Hit Boxes

Hi everyone,

I have a question. I'm interested in mocking this quizzing feature. Unfortunately I'm using Captivate, and not Articulate (my employer isn't interested in buying both and we already have the first).

http://www.articulate.com/community/blogdemo/ethics_refresher/engage.html

Am I able to also:

1) Create a quick sound blurb that plays when the user inserts the cursor over the option?

2) Change the color of the option choice when my cursor is over it?

Thanks so much for reading!

Extra credit: Do you have automatic advances in slides or do you have the learner always click NEXT? I just read a post from the e-Learning Guru, Tom, who suggested to rethink auto advancements.

7 Replies
Kristen Hull

Are you asking how to do this in Captivate? You can- you just need multiple slides, and you would use Buttons (a standard object) for the answer options on the left. Slide one would have the scenario and the answer buttons , slide two has answer #1 and buttons, slide three has answer #2 and buttons, slide four has answer #3 and buttons. Then you use an Action on the buttons (found in Properties). Set the action on the button for #1 answer as Jump to Slide 2. The action for button for #2 answer as Jump to Slide 3, etc. You would probably have to set the actions for the buttons on all slides, so no matter which answer they choose, they can select a different one (if you want that to happen).

I hope that makes sense. I am much better at explaining stuff through screenshots.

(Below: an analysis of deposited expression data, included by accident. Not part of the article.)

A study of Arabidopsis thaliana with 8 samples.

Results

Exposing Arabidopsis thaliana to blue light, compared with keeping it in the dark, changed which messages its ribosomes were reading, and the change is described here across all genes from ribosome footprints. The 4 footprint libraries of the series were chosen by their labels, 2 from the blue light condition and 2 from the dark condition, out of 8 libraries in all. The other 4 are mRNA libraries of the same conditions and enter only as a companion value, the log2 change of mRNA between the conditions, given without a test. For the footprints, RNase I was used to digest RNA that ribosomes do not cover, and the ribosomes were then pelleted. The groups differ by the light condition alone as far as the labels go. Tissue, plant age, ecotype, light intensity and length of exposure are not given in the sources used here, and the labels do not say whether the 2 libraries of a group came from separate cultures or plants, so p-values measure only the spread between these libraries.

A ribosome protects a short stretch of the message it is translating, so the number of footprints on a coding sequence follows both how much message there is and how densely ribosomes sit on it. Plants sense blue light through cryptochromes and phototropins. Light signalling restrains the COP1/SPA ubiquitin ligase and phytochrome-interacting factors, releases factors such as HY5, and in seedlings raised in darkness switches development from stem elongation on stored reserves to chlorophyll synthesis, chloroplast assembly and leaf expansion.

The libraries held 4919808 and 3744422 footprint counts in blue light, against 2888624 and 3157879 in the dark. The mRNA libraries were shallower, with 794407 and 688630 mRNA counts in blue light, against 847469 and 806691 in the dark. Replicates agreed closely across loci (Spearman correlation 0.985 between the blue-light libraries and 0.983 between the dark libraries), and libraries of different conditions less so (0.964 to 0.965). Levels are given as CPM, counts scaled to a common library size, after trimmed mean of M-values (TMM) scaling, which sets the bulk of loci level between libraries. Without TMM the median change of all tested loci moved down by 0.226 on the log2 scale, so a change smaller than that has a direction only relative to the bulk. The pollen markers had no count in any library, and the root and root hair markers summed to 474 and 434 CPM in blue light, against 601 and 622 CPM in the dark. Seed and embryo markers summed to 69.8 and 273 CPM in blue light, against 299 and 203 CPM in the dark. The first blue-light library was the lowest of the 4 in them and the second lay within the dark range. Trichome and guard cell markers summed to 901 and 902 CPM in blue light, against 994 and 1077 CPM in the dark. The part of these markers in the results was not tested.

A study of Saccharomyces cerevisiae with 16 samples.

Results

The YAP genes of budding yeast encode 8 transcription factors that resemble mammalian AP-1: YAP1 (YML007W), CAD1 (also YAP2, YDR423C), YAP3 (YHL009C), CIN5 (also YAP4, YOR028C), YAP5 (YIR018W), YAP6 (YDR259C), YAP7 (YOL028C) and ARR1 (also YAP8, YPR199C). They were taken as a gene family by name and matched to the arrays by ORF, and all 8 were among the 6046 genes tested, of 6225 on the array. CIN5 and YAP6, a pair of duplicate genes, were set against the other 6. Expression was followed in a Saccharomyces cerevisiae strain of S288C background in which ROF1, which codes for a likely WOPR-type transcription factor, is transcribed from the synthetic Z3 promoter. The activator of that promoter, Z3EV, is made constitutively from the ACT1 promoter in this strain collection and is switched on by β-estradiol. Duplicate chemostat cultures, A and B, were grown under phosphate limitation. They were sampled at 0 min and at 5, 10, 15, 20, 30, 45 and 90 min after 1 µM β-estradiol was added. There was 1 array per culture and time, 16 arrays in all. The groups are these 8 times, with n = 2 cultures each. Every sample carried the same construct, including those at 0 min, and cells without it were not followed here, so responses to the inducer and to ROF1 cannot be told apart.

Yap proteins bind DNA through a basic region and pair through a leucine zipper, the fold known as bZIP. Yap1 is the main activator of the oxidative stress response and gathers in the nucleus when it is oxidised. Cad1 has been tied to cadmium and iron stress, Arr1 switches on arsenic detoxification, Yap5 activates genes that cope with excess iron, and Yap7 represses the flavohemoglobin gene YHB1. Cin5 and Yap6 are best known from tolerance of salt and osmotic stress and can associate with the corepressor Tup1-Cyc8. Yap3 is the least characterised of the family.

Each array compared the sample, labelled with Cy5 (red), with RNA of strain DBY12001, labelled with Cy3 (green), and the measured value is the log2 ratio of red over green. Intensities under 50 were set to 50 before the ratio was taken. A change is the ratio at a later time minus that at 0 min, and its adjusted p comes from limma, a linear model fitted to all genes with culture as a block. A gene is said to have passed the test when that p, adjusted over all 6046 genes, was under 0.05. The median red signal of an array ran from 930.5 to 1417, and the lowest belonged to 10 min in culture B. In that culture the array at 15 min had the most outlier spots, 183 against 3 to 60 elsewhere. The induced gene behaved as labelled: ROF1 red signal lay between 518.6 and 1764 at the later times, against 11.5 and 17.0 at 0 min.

Are your questions #1 and 2 concerning Captivate or Articulate?

David Steffek

Hi, Jennifer.

I'm just getting started in Captivate myself, but from what I've seen so far you should be able to replicate this Engage/Quizmaker interaction in Captivate. It will require you to build each element manually (buttons/click areas, rollover images/slidelets, pop-up captions, etc.) but you should be able to do everything you asked above. It will just take a little more effort than with Engage/Quizmaker.

As far as auto-advance versus user-advance, I've always done user-advance for the same reasons Tom mentioned in his blog today. The only time I use auto-advance is on "non-integral" items like title pages/animations.

Kristen Hull

Oh, ok, sorry.  I misread the post.  For, #2, the default Standard Object button automatically changes from grey to blue when you hover over it.  I'm not sure if all of the buttons they include in their gallery do this or not. 

For #1, I think you could use a Rollover slidelet.  Its properties section has an Audio portion (at least it does in Cap5.5).  Have you tried that yet?  (I've never played with the audio part of the Rollover).

Jennifer Bartels

Thanks David! I use narration in all of my e-trainings and sometimes user-advance seems to break up the flow. Do you ever have that problem? Or is it worth it?

I'm kind of confused as well for when to use slidelets/pop up captions. Currently I'm using click boxes and buttons for my branching. The only capabilties that are present are showing the hand over the hit area so they know that it's an option. I can't seem to find a way to change the color as well, or make it look 3D like the example seemed to show.

Kristen Hull

It looks like if you place a Rollover directly over the button, the button doesn't change colors.  Have you look through the button gallery?  C:/program files/adobe/adobe captivate X/Gallery/buttons  Some of them have shading effects that make them look more button-y.  Could you add an instruction that tells them to select the correct answer?

David Steffek

As far as narration flow goes, I've always done my scripting/storyboarding to coincide with user-advance. So from the first stages of design I incorporate that there will be "pauses".

I think it's kind of similar to the structure of children's books, where each page is self-contained and you know that you need to turn the page to continue the story. So having this structure in mind from the beginning makes it easy to write the script to fit into the user-advance structure.

Usually for me it turns out that a slide/page winds up covering a specific point or aspect. Once you start writing within this structure, you'll see that it's pretty easy to find the natural pauses in the narration.